More Productive Painting

Article From: Products Finishing,

Posted on: 6/1/2009

Electrostatic separation cuts costs, energy use, environmental impact.


E-Scrub electrostatic paint overspray collector

E-Scrub electrostatic paint overspray collector directs air in the spray booth to route paint particles into the electrostatic separation portion of the system.

Electrostatic separation modules

Electrostatic separation modules are fitted with separating plates and high-voltage wires that run horizontally between the plates. Paint particles become charged as they pass near the high-voltage wires and are attracted by the positively charged separating plates.

Continuous improvements in efficiency and quality, reduced energy consumption, minimized emissions—these are the metrics by which the success of automotive and other high-volume paint shops are measured.


Paint system supplier Eisenmann Corp. (Crystal Lake, IL) says its newly developed electrostatic separation system for paint overspray can help painters achieve their productivity and conservation goals by reducing waste, cutting operating costs and minimizing environmental impact.

The E-Scrub system directs air in the spray booth so that surplus paint mist (overspray) produced during painting is routed via funnel-shaped run-off surfaces known as flood sheets into a new electrostatic separation system. Part of the overspray is immediately bound using a separating agent on the flood sheets, while the bulk of the paint material continues through the electrostatic separation portion of the system.

The separation process begins in “separating modules” at the bottom of the flood sheets. The high-voltage modules are fitted with positively charged separating plates which are also rinsed with separating agent in a circulating system. High-voltage wires also run horizontally between the separating plates inside the module. Paint particles in the circulating air stream become negatively charged as they pass near the high-voltage wires and are attracted by the positively charged separating plates. They are then bound by the separating agent and discharged into a bottom-mounted collecting pan. According to Eisenmann, the chemical composition of the separating agent causes bound paint particles to combine in the collecting pan and form solid agglomerates, which can then be removed and disposed of without difficulty.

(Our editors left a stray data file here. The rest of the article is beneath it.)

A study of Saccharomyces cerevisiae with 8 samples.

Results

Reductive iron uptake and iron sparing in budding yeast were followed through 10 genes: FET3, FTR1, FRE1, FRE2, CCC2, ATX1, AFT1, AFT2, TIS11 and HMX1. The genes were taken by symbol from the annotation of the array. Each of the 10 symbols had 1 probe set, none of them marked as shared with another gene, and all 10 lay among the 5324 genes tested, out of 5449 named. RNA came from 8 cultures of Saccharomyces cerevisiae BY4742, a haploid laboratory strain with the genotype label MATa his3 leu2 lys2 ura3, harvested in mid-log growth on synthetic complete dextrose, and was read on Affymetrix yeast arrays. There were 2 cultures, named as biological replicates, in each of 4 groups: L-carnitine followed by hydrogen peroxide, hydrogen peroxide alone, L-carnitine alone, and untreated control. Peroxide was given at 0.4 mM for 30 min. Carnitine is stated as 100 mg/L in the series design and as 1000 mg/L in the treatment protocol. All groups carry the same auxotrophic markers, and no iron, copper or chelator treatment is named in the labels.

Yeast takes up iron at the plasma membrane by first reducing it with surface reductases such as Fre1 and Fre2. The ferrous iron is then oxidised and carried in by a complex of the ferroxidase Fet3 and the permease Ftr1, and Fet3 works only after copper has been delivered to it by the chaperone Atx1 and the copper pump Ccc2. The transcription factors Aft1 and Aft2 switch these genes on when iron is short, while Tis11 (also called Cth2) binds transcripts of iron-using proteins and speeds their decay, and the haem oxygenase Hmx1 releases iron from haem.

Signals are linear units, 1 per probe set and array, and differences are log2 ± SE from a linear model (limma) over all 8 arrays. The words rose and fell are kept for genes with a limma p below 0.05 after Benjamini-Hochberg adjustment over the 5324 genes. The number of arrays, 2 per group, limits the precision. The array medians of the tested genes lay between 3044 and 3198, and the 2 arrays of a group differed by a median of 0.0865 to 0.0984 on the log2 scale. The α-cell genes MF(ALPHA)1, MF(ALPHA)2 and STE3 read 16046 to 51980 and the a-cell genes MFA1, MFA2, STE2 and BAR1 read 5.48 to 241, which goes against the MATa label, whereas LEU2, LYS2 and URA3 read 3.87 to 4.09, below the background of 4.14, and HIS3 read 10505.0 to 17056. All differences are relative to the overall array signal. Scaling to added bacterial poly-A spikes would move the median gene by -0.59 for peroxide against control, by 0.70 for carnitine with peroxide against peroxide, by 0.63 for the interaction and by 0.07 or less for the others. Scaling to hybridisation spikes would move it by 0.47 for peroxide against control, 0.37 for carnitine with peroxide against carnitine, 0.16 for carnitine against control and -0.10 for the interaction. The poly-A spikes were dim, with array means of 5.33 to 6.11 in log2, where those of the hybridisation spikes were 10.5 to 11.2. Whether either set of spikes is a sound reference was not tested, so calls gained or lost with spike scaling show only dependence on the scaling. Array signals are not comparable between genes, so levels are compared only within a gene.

The company says electrostatic charging of paint overspray particles and binding of overspray in the separating agent maximizes collection efficiency, enabling the system to meet stringent air quality requirements. The German clean air regulation “Technical Instructions on Air Quality Control” (commonly known as TA Luft), for example, permits maximum dust emissions of 3 mg/m3. According to Eisenmann, the E-Scrub system can cut emissions to well below the regulation, to 0.3 mg/m3.

The system operates with 95% recirculated air. Eisenmann says this results in energy savings of up to 78% compared with conventional wet scrubber technology, as well as an 87% reduction in water usage and considerably reduced chemicals usage. The electrostatic system switches on and off in accordance with production, yielding further energy savings.

Electrostatic paint overspray separation improves paint quality by eliminating complex mechanical filtration systems and ensuring constant flow rates without pressure fluctuations, Eisenmann says. The system is also said to be considerably quieter and easier to service than mechanical systems, with fewer components than conventional wet scrubber systems. It can be retrofitted quickly and simply in existing paint plants.